Nikki Haley has for the better part of two years occupied an odd place in Trumpworld.
As the United States envoy to the United Nations, she has been one of the faces of the administration’s interventionist wing — while also serving as the mouthpiece for President Donald Trump, who has publicly sought a more isolationist approach to global affairs.
She has barely veiled her own grand political ambitions — but has largely avoided drawing the ire of the president, who appears to view the aspirations of those around him as a threat to his own power.
And she’s largely managed to stay out of the muck Trump has dragged others in his administration into — even as she’s avoided, with a couple notable exceptions, publicly distancing herself from the president and his chaotic administration.
It’s unclear exactly what triggered the resignation; Trump told reporters Tuesday that she said she wanted to “take a little time off ... take a break.” It’s also unclear who will replace her when she gives up her ambassadorship at the end of the year. Trump has kept his cards close to the vest, according to CNN, and will announce her successor within the next three weeks.
But she’ll leave her job this year with a mixed legacy: one in which she frequently appeared to be one of the most stable, traditional political figures in an administration characterized by tumult and political novice, but also served to undermine the goals of the very organization Trump appointed her to represent the U.S. before.
“Haley has attempted to cultivate a reputation as a reasonable, principled moderate but her U.N. tenure (and entire political career) shows that she walks in lock step with Trumpism,” Erica Fein, advocacy director at Win Without War, a progressive national security advocacy program of the Center for International Policy, said in an email interview. “Rather than protect and strengthen the United Nations, she has worked to tear it down.”
Trump has repeatedly shown hostility toward the U.N., including in his address to the international body’s general assembly last month in which he railed against globalization.
“She has made a mockery of the notion that the United States supports the U.N.’s mission to promote international peace and security,” Fein said.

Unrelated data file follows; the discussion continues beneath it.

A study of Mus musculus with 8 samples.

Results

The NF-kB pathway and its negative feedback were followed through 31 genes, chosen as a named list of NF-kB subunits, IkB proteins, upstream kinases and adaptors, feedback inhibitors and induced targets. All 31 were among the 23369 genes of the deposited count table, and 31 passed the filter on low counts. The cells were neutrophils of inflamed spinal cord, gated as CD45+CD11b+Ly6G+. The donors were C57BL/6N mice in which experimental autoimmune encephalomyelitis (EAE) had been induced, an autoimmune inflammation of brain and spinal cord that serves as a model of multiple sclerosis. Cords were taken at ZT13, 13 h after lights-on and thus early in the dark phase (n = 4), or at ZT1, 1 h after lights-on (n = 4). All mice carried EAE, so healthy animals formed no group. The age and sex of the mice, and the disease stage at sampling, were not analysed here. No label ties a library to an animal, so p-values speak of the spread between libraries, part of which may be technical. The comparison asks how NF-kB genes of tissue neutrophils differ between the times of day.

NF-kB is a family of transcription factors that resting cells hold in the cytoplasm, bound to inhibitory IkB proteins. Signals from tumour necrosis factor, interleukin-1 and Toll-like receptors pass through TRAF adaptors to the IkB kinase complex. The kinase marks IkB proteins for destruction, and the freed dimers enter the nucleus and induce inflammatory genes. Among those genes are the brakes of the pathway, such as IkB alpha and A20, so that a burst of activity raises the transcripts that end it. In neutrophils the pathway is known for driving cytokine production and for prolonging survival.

But while some of her actions and rhetoric have supported Trump’s isolationist, “America first” vision, she’s also been part of what an anonymous administration official termed in a September New York Times op-ed as the “two-track presidency.”
While Trump has shown “a preference for autocrats and dictators,” the anonymous official — once believed to be Haley — wrote, others in the administration have been “operating on another track.”
Indeed, Haley has remained hawkish on countries like Russia, with whom Trump has sought warmer relations. Outside of foreign policy, she’s also broken with Trump over his handling of the deadly white nationalist rally in Charlottesville in 2017 and said that the women who have accused the president of sexual misconduct should be “heard.”
All that has allowed her to mostly stay out of the chaos that has engulfed much of the rest of the Trump administration — something that could come in handy should she eventually run for higher office, as many believe she’s poised to do.
But her resignation also comes as she faces ethics questions over flights on private jets — concerns similar to those that eventually brought down other Trump officials like former Health and Human Services Secretary Tom Price and former Environmental Protection Agency Director Scott Pruitt.
It also comes as she reportedly lost influence within the administration since Rex Tillerson departed as secretary of state.
But despite reports that her voice within the administration had been muted in recent months, Trump on Tuesday had nothing but praise for his outgoing U.N. ambassador, telling reporters in the Oval Office that he’d welcome her back to his team if she so chose and that she “gets it.”
“She’s done a fantastic job and we’ve done a fantastic job together,” Trump said, with Haley sitting by his side. “We’ve solved a lot of problems and we’re in the process of solving a lot of problems.”
For her part, Haley on Tuesday lavished praise on Trump, saying that the U.S. was now “respected” because of his leadership.
“Countries may not like what we do, but they respect what we do,” Haley said.